National Index of Wellbeing - Have Your Say!
By Sam Wren-Lewis
The Office for National Statistics (ONS) has recently published its proposals for domains and headline measures of national well-being. These proposals build on the responses to the national debate on measuring well-being in 2010-11, as well as research into well-being.
This is potentially the last chance for members of the public to have their say on the domains and measures they think should be included in the national index of well-being (consultation will be open until January 23, 2012).
The ONS Measuring National Well-being (MNW) Programme was launched in November 2010 to provide a fuller understanding of ‘how society is doing’ than economic measures alone can provide. It started with a national debate on ‘What matters to you?’ to improve understanding of what should be included in measures of the nation’s well-being.
Other than measuring people’s assessments of their own well-being, the national index also seeks to measure the factors directly affecting individual well-being, namely Health, Relationships, What we do, Where we live, Personal Finance and Education. The index is also likely to include measures concerning Governance, the Economy and Natural Environment, as well as Equality/Fairness and Sustainability issues over time.
Personally, I can’t help but look at the proposed domains and measures for measuring national well-being as a good thing. Who can deny that it would be good to know how the nation is doing with respect to people’s overall assessment of their own well-being, as well as people’s relationships, health, work, leisure, communities, wealth, job security and education? Further, who could deny that it would be good to know which areas of the nation are doing better or worse than others in terms of each domain?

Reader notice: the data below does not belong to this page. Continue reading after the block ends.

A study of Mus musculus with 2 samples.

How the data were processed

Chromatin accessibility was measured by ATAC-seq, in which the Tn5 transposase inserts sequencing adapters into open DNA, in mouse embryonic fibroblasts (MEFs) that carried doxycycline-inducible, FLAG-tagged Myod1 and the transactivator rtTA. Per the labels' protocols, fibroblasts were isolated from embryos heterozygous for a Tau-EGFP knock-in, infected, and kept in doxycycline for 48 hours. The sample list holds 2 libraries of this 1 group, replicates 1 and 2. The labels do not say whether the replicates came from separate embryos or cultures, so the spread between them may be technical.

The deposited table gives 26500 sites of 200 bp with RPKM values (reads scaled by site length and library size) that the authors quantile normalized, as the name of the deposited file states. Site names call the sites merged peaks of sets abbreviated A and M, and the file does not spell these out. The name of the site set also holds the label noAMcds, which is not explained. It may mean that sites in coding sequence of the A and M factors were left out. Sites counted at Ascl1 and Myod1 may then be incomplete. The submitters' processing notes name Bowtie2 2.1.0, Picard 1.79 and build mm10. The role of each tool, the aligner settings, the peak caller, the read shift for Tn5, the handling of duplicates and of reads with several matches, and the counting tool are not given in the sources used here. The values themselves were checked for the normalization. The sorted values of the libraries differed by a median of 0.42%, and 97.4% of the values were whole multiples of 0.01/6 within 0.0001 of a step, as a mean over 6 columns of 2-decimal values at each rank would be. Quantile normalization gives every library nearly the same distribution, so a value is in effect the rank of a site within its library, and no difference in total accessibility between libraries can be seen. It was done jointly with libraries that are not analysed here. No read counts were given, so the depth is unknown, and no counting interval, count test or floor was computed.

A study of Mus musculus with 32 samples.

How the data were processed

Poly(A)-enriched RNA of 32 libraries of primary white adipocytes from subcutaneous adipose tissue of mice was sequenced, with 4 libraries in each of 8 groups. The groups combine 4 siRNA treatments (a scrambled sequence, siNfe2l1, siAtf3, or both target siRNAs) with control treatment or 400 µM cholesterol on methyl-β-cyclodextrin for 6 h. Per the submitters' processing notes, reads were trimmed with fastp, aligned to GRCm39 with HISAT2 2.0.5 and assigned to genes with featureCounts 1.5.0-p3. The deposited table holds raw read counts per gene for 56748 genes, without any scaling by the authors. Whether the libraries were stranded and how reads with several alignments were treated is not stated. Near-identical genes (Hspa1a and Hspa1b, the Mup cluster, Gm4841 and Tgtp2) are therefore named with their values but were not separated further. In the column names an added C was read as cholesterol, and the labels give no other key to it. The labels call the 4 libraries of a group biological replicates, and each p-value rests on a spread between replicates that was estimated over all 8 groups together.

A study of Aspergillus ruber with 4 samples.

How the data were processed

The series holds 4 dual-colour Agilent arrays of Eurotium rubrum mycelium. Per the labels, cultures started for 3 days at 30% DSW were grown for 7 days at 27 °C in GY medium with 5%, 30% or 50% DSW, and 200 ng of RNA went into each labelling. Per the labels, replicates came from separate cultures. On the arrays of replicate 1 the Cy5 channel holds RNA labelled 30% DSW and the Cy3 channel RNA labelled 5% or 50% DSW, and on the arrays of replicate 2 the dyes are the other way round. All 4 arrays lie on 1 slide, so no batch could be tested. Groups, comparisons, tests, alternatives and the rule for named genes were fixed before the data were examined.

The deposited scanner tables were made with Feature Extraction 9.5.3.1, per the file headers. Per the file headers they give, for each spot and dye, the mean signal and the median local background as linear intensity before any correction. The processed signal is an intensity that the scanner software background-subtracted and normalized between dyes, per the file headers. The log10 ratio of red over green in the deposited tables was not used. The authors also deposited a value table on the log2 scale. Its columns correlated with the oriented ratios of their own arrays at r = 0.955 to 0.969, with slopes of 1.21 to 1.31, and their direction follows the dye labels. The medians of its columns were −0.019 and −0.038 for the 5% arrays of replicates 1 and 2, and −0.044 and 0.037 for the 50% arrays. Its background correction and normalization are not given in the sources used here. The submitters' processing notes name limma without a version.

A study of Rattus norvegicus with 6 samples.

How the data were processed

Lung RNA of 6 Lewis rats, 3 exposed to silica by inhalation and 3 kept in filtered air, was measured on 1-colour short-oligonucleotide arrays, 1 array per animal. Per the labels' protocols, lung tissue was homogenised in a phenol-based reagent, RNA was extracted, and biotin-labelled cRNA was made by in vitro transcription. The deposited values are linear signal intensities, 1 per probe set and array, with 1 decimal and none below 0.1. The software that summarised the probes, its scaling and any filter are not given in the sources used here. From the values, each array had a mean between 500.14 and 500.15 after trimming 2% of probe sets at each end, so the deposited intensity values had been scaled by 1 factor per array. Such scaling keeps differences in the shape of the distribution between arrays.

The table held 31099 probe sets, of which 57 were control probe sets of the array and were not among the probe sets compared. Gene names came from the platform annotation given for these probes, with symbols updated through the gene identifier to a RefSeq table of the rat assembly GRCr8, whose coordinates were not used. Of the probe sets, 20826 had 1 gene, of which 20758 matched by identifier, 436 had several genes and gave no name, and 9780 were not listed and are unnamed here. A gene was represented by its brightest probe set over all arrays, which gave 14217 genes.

This sort of information would be invaluable for public policy seeking to improve people’s well-being in the most effective way possible. Indeed, this sort of information would be invaluable for anyone seeking to improve his or her well-being. The ONS states that it will publish papers approximately every month starting in February 2012 which will show not only how well we are doing in terms of each domain, but also how important each domain is for individual well-being. It also plans to present these findings in interesting and accessible ways, such as OECD’s Your Better Life index, here. If done well, this should be a great way to spread the findings of well-being research and enable people to better promote their own well-being.
One major problem with all this information, however, is that it might not get used in the right way. Indeed, it might even deliberately get used in the wrong way, to manipulate public policy in order to serve certain interests. For example, suppose that the UK is doing well in terms of the domain “What we do,” but is doing badly in terms of the domain “Where we live,” and that most people judge their lives to be going fairly well overall. If this were the case, then efforts should be focused on providing safe, clean and pleasant environments, increasing access to facilities and enabling people to be part of a cohesive community.
In practice, however, information on “Where we live,” could be ignored, instead focusing on the fact that we are doing well in terms of “What we do” and that most people judge their lives to be going fairly well overall. This may suit some people politically, but would miss the point of the public service provided by the ONS.
This is why the ONS consultation process, is essential if we want the national index of well-being to be used in an effective and exciting way. It’s really important that the information is presented in ways that are easy for everyone to grasp, so, have a look at the headline domains and measures proposed by ONS here, and, have your say before January 23.